Furniture company prosecuted over worker’s injury

A Rutland company which manufactures children’s bedroom furniture has been fined after a machine operator suffered serious hand injuries in a makeshift vacuum cleaner.

Leicester Magistrates’ Court heard Belvoir Associates Ltd had modified a portable dust extraction system using pipes and connections to secure a long flexible hose to the extractor’s inlet, but the system regularly became blocked with wooden off-cuts.

On 4 April 2013, the portable dust extraction system had been used to clean down both wood processing machinery and the floor and eventually it became blocked.

Three operatives attempted to unblock it using two tried and tested methods, including the removal of an end cap. When these failed one of them put his left hand into the opening, where the flexible and solid pipes joined, to try clear the blockage, but his hand was drawn directly into the blades of the machine.

He suffered multiple finger fractures and dislocations and required a number of operations. He has undergone physiotherapy but has lost 40 per cent of the use of his hand and is not expected to regain full use of his fingers.

The 46-year-old employee, from Stamford, was off work for ten months but has returned to Belvoir Associates albeit in a different role as he no longer has the manual dexterity to undertake physical work.

A Health and Safety Executive (HSE) investigation found the company had failed to assess what risks the machine posed to those using it. In addition, no training or information had been provided to employees and the injured employee was unaware of the location of any rotating fan blades.

Belvoir Associates Ltd, of Pillings Road, Oakham, pleaded guilty to breaching Section 2(1) of the Health and Safety at Work etc Act 1974 and was on Friday (23 Jan) fined £20,000 and ordered to pay £4,449 in costs.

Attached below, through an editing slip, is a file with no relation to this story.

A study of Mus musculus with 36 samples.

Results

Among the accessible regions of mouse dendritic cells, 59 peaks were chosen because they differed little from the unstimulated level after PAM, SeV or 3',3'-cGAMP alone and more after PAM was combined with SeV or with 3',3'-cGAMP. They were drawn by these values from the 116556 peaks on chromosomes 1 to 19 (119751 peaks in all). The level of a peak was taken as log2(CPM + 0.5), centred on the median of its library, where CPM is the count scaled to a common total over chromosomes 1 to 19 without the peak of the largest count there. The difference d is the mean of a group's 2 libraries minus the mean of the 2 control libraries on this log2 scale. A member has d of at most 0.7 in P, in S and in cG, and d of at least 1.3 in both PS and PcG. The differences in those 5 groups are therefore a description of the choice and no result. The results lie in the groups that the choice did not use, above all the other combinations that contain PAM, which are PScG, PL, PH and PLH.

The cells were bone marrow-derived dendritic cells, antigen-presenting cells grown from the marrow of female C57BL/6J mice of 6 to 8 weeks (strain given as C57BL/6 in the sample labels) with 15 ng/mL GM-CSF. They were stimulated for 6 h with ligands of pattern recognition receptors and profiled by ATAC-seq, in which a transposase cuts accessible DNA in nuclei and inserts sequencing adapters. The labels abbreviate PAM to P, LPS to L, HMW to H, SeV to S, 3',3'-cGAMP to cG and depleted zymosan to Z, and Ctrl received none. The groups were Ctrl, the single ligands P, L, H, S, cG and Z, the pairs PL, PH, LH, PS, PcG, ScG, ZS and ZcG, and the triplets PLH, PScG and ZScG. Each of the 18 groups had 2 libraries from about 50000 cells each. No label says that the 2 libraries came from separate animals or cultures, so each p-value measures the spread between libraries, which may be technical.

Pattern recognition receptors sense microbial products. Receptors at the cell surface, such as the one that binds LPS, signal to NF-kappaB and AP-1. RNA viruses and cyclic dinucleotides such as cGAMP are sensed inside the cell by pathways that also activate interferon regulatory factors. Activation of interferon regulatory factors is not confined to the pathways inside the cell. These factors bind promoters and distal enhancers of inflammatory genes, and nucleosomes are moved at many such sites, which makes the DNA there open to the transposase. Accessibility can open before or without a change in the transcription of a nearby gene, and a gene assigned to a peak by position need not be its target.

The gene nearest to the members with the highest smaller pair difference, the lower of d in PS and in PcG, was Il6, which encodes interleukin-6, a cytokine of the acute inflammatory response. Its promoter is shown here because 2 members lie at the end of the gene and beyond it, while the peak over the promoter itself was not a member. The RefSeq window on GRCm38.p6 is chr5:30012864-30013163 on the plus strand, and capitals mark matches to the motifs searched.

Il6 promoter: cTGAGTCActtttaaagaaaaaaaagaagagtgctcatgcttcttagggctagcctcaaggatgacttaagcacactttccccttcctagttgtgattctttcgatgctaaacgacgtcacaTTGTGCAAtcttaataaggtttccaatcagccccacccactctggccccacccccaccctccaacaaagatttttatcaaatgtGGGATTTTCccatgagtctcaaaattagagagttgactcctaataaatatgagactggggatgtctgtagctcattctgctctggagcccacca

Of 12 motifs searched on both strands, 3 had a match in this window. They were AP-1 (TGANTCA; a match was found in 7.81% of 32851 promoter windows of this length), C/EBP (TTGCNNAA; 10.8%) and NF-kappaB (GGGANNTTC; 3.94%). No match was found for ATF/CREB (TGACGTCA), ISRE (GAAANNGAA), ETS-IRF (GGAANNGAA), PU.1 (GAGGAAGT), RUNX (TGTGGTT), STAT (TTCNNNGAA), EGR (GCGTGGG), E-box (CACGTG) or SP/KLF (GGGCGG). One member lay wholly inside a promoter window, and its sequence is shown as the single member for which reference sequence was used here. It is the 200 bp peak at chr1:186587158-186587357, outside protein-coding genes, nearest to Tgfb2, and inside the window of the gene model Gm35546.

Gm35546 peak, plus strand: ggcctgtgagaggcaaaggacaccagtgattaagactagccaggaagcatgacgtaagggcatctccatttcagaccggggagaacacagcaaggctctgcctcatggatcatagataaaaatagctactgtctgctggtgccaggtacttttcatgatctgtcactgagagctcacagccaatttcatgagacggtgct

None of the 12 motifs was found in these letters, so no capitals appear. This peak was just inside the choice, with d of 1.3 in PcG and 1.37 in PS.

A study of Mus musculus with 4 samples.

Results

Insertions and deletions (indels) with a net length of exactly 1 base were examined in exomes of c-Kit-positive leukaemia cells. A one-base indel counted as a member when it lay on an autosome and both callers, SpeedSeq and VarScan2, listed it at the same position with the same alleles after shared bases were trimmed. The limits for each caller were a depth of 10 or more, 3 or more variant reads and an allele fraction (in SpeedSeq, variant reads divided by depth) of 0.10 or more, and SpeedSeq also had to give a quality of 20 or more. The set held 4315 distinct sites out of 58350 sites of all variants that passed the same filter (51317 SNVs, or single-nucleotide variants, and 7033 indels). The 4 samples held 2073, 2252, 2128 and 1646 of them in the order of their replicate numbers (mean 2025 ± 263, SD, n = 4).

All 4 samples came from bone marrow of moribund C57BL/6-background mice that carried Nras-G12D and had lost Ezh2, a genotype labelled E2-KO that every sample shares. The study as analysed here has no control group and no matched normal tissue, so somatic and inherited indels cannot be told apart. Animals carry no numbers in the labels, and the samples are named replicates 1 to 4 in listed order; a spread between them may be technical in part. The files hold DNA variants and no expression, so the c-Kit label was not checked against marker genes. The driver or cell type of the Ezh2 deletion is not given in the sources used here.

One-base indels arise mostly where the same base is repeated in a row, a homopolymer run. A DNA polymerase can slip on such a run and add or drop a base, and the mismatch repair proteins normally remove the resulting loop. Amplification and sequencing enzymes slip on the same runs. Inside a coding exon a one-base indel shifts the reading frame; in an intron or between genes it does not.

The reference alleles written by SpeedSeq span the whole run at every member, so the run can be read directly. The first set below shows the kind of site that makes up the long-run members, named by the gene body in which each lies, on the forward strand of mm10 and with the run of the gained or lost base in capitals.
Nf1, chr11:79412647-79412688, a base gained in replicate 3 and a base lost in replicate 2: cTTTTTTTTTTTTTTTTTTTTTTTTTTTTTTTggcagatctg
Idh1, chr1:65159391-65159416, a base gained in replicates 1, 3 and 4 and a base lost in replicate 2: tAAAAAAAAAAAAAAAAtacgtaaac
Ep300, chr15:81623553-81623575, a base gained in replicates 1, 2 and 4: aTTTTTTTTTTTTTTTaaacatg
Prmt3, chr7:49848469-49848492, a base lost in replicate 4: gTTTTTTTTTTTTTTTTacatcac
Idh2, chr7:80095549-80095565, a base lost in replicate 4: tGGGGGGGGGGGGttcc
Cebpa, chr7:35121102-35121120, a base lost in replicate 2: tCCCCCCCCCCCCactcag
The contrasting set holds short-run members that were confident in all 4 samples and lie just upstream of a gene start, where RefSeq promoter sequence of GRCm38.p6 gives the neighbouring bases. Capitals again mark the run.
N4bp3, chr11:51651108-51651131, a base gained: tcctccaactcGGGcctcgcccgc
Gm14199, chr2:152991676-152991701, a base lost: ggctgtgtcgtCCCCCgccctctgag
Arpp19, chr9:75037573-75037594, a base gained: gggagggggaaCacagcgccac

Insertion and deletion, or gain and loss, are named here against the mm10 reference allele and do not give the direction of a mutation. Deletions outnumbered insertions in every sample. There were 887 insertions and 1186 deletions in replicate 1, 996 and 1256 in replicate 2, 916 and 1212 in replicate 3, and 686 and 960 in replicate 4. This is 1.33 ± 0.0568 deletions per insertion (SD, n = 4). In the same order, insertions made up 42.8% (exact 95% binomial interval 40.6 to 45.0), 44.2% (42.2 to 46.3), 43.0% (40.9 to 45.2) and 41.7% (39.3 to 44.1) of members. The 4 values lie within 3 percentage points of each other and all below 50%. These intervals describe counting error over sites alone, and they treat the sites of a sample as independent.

After the hearing, HSE inspector David Lefever said:

“This incident was foreseeable and preventable. As soon as the unit was converted, several significant risks resulted. It was, in effect, a Heath Robinson arrangement of domestic pipe fittings, flexible hoses and duct tape, none of which constituted the provision of fixed guards.

“The use of domestic pipe fittings created an obvious place for blockages to occur and using the machine to vacuum not only wood dust but also solid wood waste and off-cuts, as well as general debris from the floor, increased the risk of blockage considerably.

“Belvoir Associates failed to see any of the potential dangers arising from the new use of the unit because it neglected to properly judge the risks. It also failed to act once it became aware of the blockages in the machinery and instead left individual operators to unblock the unit resulting in the development of unsafe methods.”

Information on the safe use of work equipment and machinery is available at


Notes to Editors


  1. The Health and Safety Executive is Britain’s national regulator for workplace   health and safety. It aims to reduce work-related death, injury and ill health. It does so through research, information and advice; promoting training; new or revised regulations and codes of practice; and working with local authority partners by inspection, investigation and enforcement.
  2.  Section 2(1) of the Health and Safety at Work etc act 1974 states: It shall be the duty of every employer to ensure, so far as is reasonably practicable, the health, safety and welfare at work of all his employees.